Tuesday, May 13, 2008

Disheartening: Teaching Children What They Already Know

At Boston College students in our teacher education Masters program must complete an “inquiry project” in their practicum classrooms. To celebrate this achievement, each year Boston College hosts a “community of learners” mini-conference where students share their projects.

This year I sat at a table with seven students who shared their projects with me and with each other. I must say, it was a pretty disheartening experience. Our program at BC emphasizes teaching reading in the context of rich, challenging literature; yet all these students shared projects that focused on decontextualized phonics and sight word instruction. We may stress holistic approaches to reading at BC, but in their classrooms the emphasis was on skills, skills, and more skills. It was particularly discouraging to hear a student named Anne (who had been in one of my classes) rave about a new phonics program her (suburban) school had adopted. All students in grades K-2 now spend 30 minutes a day on phonics and, according to Anne, next year the program will be extended to 3rd grade.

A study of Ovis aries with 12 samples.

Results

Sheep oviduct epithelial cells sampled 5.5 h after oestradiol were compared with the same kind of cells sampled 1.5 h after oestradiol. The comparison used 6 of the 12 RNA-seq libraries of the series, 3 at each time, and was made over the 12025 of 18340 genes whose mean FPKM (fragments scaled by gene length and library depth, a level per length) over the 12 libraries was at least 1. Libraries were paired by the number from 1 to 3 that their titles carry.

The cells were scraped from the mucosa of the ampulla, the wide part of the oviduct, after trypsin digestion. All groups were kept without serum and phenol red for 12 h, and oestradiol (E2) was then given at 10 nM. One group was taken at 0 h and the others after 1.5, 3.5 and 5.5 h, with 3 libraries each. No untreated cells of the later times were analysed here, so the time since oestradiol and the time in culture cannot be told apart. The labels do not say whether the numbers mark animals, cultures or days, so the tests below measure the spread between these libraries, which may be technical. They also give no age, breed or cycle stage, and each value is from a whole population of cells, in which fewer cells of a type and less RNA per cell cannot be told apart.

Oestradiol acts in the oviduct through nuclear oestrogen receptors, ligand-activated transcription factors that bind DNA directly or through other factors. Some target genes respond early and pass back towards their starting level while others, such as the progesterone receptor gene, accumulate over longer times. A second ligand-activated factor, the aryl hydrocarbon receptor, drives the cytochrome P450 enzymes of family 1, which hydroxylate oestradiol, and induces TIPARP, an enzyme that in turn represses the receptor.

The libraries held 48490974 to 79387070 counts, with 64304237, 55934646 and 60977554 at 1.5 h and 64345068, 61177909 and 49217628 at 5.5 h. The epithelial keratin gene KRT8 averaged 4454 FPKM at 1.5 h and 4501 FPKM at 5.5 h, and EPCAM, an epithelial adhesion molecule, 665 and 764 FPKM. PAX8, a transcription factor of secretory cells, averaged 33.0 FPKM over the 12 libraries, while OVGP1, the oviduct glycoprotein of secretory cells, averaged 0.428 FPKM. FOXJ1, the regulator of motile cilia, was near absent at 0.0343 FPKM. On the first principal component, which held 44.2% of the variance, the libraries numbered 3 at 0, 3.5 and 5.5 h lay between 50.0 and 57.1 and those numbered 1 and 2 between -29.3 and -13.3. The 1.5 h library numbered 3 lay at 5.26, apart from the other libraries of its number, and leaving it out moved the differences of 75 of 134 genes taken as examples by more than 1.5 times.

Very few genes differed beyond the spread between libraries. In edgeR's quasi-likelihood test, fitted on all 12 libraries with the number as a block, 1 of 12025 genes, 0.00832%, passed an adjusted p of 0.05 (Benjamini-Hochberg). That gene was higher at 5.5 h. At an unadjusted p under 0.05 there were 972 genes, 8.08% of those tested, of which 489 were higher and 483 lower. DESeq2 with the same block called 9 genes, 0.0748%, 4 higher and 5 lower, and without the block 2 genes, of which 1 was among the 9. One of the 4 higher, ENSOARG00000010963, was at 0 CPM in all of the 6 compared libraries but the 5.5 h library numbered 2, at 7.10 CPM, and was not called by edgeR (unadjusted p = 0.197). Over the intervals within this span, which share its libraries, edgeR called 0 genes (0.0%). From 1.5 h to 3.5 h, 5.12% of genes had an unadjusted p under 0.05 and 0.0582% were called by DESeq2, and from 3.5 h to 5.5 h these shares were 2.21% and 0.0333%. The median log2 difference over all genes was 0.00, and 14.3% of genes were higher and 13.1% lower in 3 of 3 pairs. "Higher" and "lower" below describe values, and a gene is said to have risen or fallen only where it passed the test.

Research indicates that lots of kids enter first grade with strong phonics skills and many of these children already read independently. This may be particularly true in affluent, suburban schools like Anne’s. Putting aside my objection to decontextualized phonics instruction, why are the teachers in Anne’s school – and in other schools across the country – teaching so many children what they already know? Why would we force potentially hundreds of hours of phonics instruction (in Anne’s school children will have had over 350 hours of phonics instruction by the time they complete 3rd grade) on children who already read independently? The only answer I can come up with is this. Many schools have stopped asking how well children read and instead ask: “How do they do on DIBELS?”

No wonder David Pearson has warned that “DIBELS is the worst thing to happen to the teaching of reading since the development of flashcards” (p. v).